How Can Your Employer Sue Thee? Let Me Count The Ways

When people hear the term “employment law, ” they frequently think of employee claims against employers.  But employers can also sue their employees for various civil wrongs in a type of claim that’s more like a business practices or contract law claim.  Here are some of the more common examples of employer claims against employees:

1.  Theft of money, property, ideas, etc.  That should be obvious.  Steal from your employer, and beside a criminal prosecution you could also face a civil lawsuit seeking reimbursement for the stolen property and punitive damages.

2.   Stealing or soliciting your employer’s customers after you leaving your employment, especially if you start a directly competing business.  Solicitation of customers can be unlawful even absent a formal nonsolicitation agreement.  That could also be considered tortious interference with contracts or prospective business relationships.

3.   Encouraging customers to go to a direct competitor while you’re still working for your employer.  Same concept as “2” above, except you’re still working for the people you’re funneling business from.  That’s always a great idea and a good way to make long-term friends in your business. Also a surefire way to get fired if your employer catches you doing this.

4.  Directly competing against your employer after you leave employment, either while working for a competitor or after starting your own business.  Competition can sometimes be unlawful even absent a noncompete agreement.

5.  Negligence.  Yup, when you agree to work for your employer you impliedly represent that you have the requisite minimum skills and competency to adequately fulfill your job responsibilities.  I wonder if a fast food restaurant owner would ever consider suing one of its sixteen year-old grill workers for not properly flipping the burgers?

6.  Lying to or concealing information from your employer about something important.  For example, you fail to close the big sale your employer’s counting on and paying you to close.  You don’t tell your employer that the deal fell through.  Maybe worse yet, you lead your employer to believe that the deal’s in its final stages and about to be done.  Some people might call that fraud.  Some employers will sue employees for pulling a stunt like that.

7.  Not acting in good faith and in your employer’s best interests at all times.  Using the fast food analogy above, this might be as simple as visibly chowing down on a Burger King Whopper while ringing customers out at the McDonald’s that employs you.  You could go even farther and tell said customers that you have no doubt that the Quarter Pounder they just ordered will never taste as good as your Whopper and that you’re sorry that they weren’t able to drive an extra two blocks to the nearest Burger King for a quality burger.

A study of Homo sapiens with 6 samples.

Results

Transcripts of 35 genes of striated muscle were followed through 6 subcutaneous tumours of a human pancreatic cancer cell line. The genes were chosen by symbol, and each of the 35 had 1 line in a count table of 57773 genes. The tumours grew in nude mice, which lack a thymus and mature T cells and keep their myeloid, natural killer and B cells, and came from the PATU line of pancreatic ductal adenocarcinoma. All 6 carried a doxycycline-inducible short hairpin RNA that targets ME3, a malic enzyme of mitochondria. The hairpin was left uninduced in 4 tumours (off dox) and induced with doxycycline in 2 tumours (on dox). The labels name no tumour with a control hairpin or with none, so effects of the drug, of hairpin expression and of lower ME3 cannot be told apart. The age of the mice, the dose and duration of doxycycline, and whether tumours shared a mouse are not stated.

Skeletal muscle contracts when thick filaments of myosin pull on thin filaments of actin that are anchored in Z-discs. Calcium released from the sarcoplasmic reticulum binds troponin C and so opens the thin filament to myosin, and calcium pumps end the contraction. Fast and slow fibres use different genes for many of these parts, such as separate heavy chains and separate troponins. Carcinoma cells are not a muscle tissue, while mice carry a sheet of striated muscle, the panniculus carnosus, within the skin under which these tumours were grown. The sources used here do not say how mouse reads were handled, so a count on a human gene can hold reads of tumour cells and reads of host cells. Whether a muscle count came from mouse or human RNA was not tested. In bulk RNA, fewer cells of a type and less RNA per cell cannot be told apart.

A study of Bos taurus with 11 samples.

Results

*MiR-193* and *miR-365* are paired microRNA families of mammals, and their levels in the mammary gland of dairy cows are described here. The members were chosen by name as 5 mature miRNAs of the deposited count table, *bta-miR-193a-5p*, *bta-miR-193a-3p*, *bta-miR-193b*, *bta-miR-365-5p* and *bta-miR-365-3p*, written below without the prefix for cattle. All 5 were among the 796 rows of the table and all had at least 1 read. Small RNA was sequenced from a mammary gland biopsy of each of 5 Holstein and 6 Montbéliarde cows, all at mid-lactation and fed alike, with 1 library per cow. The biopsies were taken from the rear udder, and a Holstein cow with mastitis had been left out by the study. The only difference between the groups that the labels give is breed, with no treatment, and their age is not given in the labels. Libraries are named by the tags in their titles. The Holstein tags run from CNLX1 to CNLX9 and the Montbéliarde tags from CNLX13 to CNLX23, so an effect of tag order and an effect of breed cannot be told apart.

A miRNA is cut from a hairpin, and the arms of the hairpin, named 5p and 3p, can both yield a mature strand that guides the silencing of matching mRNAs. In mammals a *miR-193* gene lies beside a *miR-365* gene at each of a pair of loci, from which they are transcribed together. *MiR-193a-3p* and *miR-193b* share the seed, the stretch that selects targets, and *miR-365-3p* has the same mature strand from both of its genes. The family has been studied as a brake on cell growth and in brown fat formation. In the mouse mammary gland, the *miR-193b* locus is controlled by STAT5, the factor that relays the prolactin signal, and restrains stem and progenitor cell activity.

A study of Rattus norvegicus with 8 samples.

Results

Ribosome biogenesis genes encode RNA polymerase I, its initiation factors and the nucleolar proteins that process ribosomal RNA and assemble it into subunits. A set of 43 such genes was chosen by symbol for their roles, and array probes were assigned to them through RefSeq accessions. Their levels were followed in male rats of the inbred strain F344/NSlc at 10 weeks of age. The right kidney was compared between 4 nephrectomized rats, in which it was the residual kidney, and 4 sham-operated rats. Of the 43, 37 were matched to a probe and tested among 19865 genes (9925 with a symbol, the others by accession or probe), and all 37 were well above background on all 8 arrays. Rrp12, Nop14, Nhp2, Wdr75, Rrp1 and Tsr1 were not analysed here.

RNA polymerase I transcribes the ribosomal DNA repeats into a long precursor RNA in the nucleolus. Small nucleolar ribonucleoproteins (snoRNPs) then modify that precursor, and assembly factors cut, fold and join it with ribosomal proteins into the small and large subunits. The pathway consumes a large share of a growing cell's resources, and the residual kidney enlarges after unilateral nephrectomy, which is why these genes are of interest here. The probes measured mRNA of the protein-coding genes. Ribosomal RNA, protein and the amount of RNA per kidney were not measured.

8.  Disloyalty or acting in a manner that conflicts with your employer’s best interests.  See “7.”

Not only can these claims result in money damages, but many of them also come with the possibility of injuctive relief.  For example, an employer may seek a court order enjoining a former employee from soliciting customers, operating a competing business, or using stolen ideas.

Another very interesting type of relief against a misbehaving employee is “disgorgement.”  That’s when an employer literally demands its money (wages paid) back from the employee for a job not well done.  Courts do have the power to order that remedy, although it rarely happens.  The best candidates for disgorgement would be cases in which the employee was starting or helping a competing business while still working for the employer.  In that instance, it seems most clear that the employer has an argument that the employee should not be allowed to keep the employee’s wages given that the employee’s first focus was not where it should have been — on the employer’s business.

On a final note, you may have noticed that many of these claims are similar to that available against employees in other contexts, such as noncompete agreements or intellectual property law.  And those are the primary areas of litigation against former employees.  The point of my comments here is that there are some other areas of employee liability (loyalty and conflicts of interest, for example), that people may not necessarily think of.  Regular employees do not get a pass from these types of obligations merely because they’re not board members, officers, or management.